Strawberry IPM Newsletter No. 5 – June 15, 2018
HARVEST BEGINS IN SOUTHERN MAINE
Birds Causing Damage on Early Ripening Fruit
Strawberry fields have been opening up in southern Maine this week, with growers hoping for a good weekend. The crop looks very good, although the lack of rain this spring may be having an impact on fruit size. Cedar waxwings have been a problem in many fields, pecking and feeding on the first ripe fruit. Hopefully, once pickers start to frequent the fields these birds will cause less damage, but they are very bold and hard to deter (see last week’s issue for more details on managing birds). The Strawberry IPM Newsletter will take the next couple of weeks off and return with the annual renovation issue in July.
Tarnished plant bug populations remain low, with most fields not having any nymphs, but two coastal fields were over the spray threshold of 4 or more flower clusters infested per 30 sampled. Thus, growers should continue scouting for tarnished plant bug, especially in later ripening varieties, until the green fruit start to swell.
Sap beetles: Growers should keep an eye out for sap beetle damage as the berries start to ripen. The 1/8 inch-long, dark brown beetles chew small holes in ripening fruit, similar to slug injury. They may be found in the holes they’ve chewed, but often drop to the ground when disturbed. The best management strategy for sap beetles is good sanitation. Keep the field free of overripe fruit by picking often and thoroughly. Insecticide sprays for this pest can be effective, but should be a last resort during the harvest period. Assail®, Brigade®, Dibrom® and PyGanic® are registered for control of sap beetles with pre-harvest intervals ranging from 12 to 24 hours. Read the product label carefully for this and other application instructions and restrictions.
Two-spotted spider mite: Although we are finding mites in many of the fields we are scouting, most fall below the control threshold of 25% of leaves being infested. If dry weather continues to dominate, mites will likely continue to be a problem in strawberries. However, bed renovation just after harvest and the few weeks following are a good time to manage mites, as both miticides and/or predatory mites can be very effective then.
Diseases: Once the strawberries are beyond the bloom stage, fungicide applications for gray mold can usually be stopped for the season, unless there are a lot of rainy days as the fruit progress toward harvest. Keep an eye out for brown patches or spots developing on the fruit, especially around the calyxes, that could indicate an early gray mold infection.
Powdery mildew: We’re starting to see some early indications of powdery mildew. Look for upward cupping of the leaves and reddish streaking or lesions on the leaf and flower stems. Consider using a fungicide that will control powdery mildew, such as captan + Topsin-M®, or Pristine® if you’re still spraying for gray mold. Those very close to harvest may want to wait until renovation after harvest to initiate a control program.
Annual Pre-Harvest Checklist for Pick-Your-Own
It’s that time again! As harvest approaches make sure that your farm is ready to provide your customers with the best possible picking experience. Take our annual review below to evaluate your customer readiness.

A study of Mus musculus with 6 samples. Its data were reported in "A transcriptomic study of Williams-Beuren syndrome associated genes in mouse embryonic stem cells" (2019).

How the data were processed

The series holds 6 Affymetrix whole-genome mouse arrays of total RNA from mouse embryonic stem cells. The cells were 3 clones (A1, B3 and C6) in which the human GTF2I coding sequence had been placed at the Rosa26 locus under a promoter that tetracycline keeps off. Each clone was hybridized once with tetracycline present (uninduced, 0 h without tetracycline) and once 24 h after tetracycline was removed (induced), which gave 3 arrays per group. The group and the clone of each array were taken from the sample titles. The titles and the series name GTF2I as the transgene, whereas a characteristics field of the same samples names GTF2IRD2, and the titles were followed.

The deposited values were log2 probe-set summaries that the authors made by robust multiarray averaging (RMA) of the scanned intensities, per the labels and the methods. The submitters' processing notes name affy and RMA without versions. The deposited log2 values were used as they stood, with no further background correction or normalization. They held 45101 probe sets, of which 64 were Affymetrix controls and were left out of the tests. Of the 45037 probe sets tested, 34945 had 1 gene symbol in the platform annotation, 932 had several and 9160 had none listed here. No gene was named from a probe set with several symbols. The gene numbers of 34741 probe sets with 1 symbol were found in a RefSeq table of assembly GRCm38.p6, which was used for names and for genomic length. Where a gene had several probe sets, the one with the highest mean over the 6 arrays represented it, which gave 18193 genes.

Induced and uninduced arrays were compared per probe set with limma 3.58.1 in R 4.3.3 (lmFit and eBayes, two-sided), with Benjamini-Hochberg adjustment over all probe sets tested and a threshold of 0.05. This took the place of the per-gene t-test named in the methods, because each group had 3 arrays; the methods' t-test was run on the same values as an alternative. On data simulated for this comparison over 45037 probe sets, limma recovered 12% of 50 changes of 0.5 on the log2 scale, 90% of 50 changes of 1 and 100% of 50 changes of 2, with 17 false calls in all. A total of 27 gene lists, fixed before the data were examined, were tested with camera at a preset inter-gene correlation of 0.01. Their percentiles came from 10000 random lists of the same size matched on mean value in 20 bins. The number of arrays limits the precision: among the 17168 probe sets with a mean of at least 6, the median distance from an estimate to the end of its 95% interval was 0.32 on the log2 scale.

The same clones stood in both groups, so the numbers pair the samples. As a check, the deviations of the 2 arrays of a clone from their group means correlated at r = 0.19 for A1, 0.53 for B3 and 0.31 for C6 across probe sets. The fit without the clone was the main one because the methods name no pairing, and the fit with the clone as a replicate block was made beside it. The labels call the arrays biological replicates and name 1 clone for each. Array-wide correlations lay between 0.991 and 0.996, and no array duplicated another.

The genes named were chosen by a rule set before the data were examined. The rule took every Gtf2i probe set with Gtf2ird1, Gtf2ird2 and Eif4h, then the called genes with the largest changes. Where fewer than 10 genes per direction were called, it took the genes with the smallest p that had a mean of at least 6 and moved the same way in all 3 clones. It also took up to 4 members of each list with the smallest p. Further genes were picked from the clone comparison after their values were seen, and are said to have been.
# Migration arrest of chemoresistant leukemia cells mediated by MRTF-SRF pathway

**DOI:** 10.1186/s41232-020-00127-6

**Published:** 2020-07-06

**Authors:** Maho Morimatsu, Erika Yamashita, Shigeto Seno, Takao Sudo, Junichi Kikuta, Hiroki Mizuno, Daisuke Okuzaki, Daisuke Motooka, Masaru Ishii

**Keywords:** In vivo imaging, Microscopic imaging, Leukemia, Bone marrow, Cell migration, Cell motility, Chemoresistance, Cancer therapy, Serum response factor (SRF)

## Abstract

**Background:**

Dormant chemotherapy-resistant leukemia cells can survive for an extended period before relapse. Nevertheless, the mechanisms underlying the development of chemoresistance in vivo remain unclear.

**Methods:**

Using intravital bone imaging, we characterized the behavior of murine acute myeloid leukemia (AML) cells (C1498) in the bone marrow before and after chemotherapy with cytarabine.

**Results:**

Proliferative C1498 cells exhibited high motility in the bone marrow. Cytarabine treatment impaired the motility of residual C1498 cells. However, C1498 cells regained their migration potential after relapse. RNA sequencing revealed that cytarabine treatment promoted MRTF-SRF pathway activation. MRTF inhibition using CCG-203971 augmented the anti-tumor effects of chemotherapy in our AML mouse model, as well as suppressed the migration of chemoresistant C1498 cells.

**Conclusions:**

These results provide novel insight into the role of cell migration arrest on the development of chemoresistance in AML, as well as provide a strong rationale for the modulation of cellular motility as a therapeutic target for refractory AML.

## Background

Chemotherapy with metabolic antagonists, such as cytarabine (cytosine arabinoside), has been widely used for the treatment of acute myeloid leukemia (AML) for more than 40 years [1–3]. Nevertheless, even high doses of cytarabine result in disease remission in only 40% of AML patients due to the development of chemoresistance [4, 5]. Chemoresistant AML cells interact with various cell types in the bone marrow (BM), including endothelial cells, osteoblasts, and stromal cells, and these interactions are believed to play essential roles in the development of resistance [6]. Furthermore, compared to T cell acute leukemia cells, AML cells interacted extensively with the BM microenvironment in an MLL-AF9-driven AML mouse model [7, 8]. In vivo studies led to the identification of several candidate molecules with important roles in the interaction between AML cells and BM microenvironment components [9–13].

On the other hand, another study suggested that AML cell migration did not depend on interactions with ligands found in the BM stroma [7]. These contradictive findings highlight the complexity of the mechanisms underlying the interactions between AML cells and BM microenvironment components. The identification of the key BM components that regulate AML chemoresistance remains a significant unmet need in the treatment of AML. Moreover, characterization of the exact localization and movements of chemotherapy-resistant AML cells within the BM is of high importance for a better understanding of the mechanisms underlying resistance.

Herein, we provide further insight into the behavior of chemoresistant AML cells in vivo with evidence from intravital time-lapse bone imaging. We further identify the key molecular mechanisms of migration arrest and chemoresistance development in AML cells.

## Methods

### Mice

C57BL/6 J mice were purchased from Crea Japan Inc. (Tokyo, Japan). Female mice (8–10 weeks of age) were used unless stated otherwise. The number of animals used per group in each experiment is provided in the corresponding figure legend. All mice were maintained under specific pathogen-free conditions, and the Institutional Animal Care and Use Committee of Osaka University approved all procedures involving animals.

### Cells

- Your phone message and web/Facebook pages with picking conditions and opening and closing times are regularly updated.
- Signs to the farm are neat and easy to read.
- There is easy access to the fields and plenty of parking.
- Someone is ready to greet customers and offer parking instructions and directions to the field.
- Access to the field is free of hazards.
- Transportation is provided for the elderly and disabled.
- The rules regarding picking are clearly posted.
- Someone is in the field to show customers where to pick and to answer questions.
- There are plenty of picking containers available.
- Clean restroom and hand washing facilities are available.
- Someone is available to help customers carry fruit out of the field.
- The checkouts are fast and efficient.
- Beverages are available.
- Shade and seats are available for customers wanting to rest.
- The help are friendly and knowledgeable.
A friendly, clean, and organized atmosphere will leave a lasting impression on your customers, encouraging them to come back and to recommend your farm to their friends.
Hold the Date!
Maine State Pomological Society Summer Tour on Wednesday July 18, 2018, at Dole’s Orchard in Limington.
Earl and Nancy Bunting will be hosting the Maine State Pomological Society Summer Tour at their farm this summer. Much of the focus will be on the tree fruit grown at Dole’s orchard, including apples and cherries, but there are also large plantings of pick-your-own strawberries, raspberries and blueberries. Some of the fruit is also contracted to a local brewery. There will be a morning educational program, including talks from research and Extension Specialists, followed by lunch and afternoon tours of the fields and orchards led by Earl and Nancy. Plan to come visit this beautiful farm with us! Pre-registration is requested so we know how many lunches to request. Please contact Renae Moran or Pam St. Peter at 207.933.2100 or firstname.lastname@example.org for more information.
David T. Handley
Vegetable and Small Fruit Specialist
Highmoor Farm, P.O. Box 179, 52 US Route 202, Monmouth, ME 04259, 207.933.2100
UMaine Extension Diagnostic Research Lab, Pest Management Unit, 17 Godfrey Drive, Orono, ME 04473, 1.800.287.0279
Where brand names or company names are used it is for the reader’s information. No endorsement is implied nor is any discrimination intended against other products with similar ingredients. Always consult product labels for rates, application instructions and safety precautions. Users of these products assume all associated risks.